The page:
Crucial Question!!!!HELP!!!

    Whats gonna happen now! himanch's Avatar

    include <iostream>

    Why do we use mult (int x, int y) 2 times!!One at the begining and the other close to the end fo the script!!!And also why the one at the end does not have semicolon after its paranteses!!!!???
    !!!!Please Help!!!


    Code:
    using namespace std;
    
    int mult( int x, int y);
    
    int main()
    {
        int x;
        int y;
        
        cout<<"Please enter 2 variables x and y\n";
        cin>> x >> y;
        cin.ignore();
        
        cout<<"the mult of the 2 variables is"<< mult (x, y) <<"\n";
        cin.get();
    }
    int mult( int x, int y)
    {
        return x*y;
    }
    Hayda!!!Whats gonna happen tomorrow

  2. #2
    and the hat of int overfl Salem's Avatar

    > int mult( int x, int y);
    This is a prototype for the function. It tells the compiler how to call the function, without actually telling the compiler what it does.

    > int mult( int x, int y)
    This is the beginning of the definition of the function. Here the compiler finally knows what the function does.

    In large programs, prototypes are put into header files (.h files), and function definitions can be in difference source files (.cpp files).
    If you dance barefoot on the broken glass of undefined behaviour, you've got to expect the occasional cut.
    It's full of stars adrianxw's Avatar

    No, all of his posts are like that.

    & the hat of GPL slaying Thantos's Avatar

  5. #5
    Because one is a function declaration(or function prototype), and the other is a function definition. A function declaration is just the function header:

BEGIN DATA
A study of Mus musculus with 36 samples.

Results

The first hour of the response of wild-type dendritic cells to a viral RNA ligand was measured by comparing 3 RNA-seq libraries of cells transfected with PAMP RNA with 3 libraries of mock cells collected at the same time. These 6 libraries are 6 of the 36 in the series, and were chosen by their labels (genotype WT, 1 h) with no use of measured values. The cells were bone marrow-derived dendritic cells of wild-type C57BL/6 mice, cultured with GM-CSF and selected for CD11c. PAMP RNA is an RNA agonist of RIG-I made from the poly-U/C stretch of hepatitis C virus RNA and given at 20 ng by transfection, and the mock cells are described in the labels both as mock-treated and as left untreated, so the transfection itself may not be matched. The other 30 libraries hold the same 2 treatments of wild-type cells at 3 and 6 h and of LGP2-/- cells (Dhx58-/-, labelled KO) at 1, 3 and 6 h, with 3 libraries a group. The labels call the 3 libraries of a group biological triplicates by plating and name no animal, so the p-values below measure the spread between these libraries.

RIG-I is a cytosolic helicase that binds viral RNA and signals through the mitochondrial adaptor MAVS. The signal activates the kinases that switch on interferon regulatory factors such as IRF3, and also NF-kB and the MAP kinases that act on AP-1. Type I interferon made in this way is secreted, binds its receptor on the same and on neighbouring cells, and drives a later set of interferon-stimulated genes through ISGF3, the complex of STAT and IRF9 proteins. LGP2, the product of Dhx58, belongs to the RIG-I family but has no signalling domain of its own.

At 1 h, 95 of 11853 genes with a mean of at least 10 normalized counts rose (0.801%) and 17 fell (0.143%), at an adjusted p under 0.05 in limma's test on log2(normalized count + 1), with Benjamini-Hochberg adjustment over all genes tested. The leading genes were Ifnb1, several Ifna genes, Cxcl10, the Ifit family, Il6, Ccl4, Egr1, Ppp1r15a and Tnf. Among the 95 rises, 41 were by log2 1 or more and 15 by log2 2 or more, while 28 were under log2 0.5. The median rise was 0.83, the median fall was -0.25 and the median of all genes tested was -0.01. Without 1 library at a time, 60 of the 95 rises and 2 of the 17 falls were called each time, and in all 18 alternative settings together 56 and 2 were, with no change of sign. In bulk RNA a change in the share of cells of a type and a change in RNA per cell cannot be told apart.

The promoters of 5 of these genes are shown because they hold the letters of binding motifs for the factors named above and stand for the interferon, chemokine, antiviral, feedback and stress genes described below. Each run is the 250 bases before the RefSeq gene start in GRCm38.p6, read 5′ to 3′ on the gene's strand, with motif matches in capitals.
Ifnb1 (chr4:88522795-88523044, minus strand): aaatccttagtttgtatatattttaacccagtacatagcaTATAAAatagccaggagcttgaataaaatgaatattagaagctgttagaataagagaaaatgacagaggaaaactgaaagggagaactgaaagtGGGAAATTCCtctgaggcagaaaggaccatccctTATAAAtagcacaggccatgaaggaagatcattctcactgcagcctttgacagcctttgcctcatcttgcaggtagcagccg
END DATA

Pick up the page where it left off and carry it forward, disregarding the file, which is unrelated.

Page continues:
Code:
    int mult( int x, int y)
    {
        return x*y;
    }
    followed by a semicolon, and alerts the compiler not to produce an error because the function definition will follow later.

    You could just put all your function definitions before main(), and avoid most problems like that, but what if you have a function A() that in certain cases calls a function B(), and function B() in turn calls A() in certain cases. If you put the definition of A() first, then the compiler will see a call to B() inside A(), and it will complain that B() isn't defined. The same thing will happen if you put the definition of B() first. Therefore, C++ provides a way around that problem with function declarations. You would do this:
    Code:
    void B(int x, int y);
    void A(int h, int i)
    {
        ...
        if(something == something_else)
            B(1, 2);
    }
    void B(int x, int y)
    {
        ...
        ...
        if(this == that)
            A(10,20);
    }
    Last edited by 7stud; 02-07-2005 at 01:12 PM.

  6. #6
    Registered User
    In my calculator program I put it like this

    Code:
    #include<iostream>
    
        int mult(int x, int y)
        {
        return x*y;
        }
    
        int main()
    My computer is awesome.

  7. #7

  8. #8
    Registered User Scribbler's Avatar

    So instead, you place the prototype in the code which basically tells the compiler "I know you haven't seen this function, but trust me it will be defined before the compile is finished."

    If you've ever had any experience with Pascal, you'd realize what an enormous convenience this is.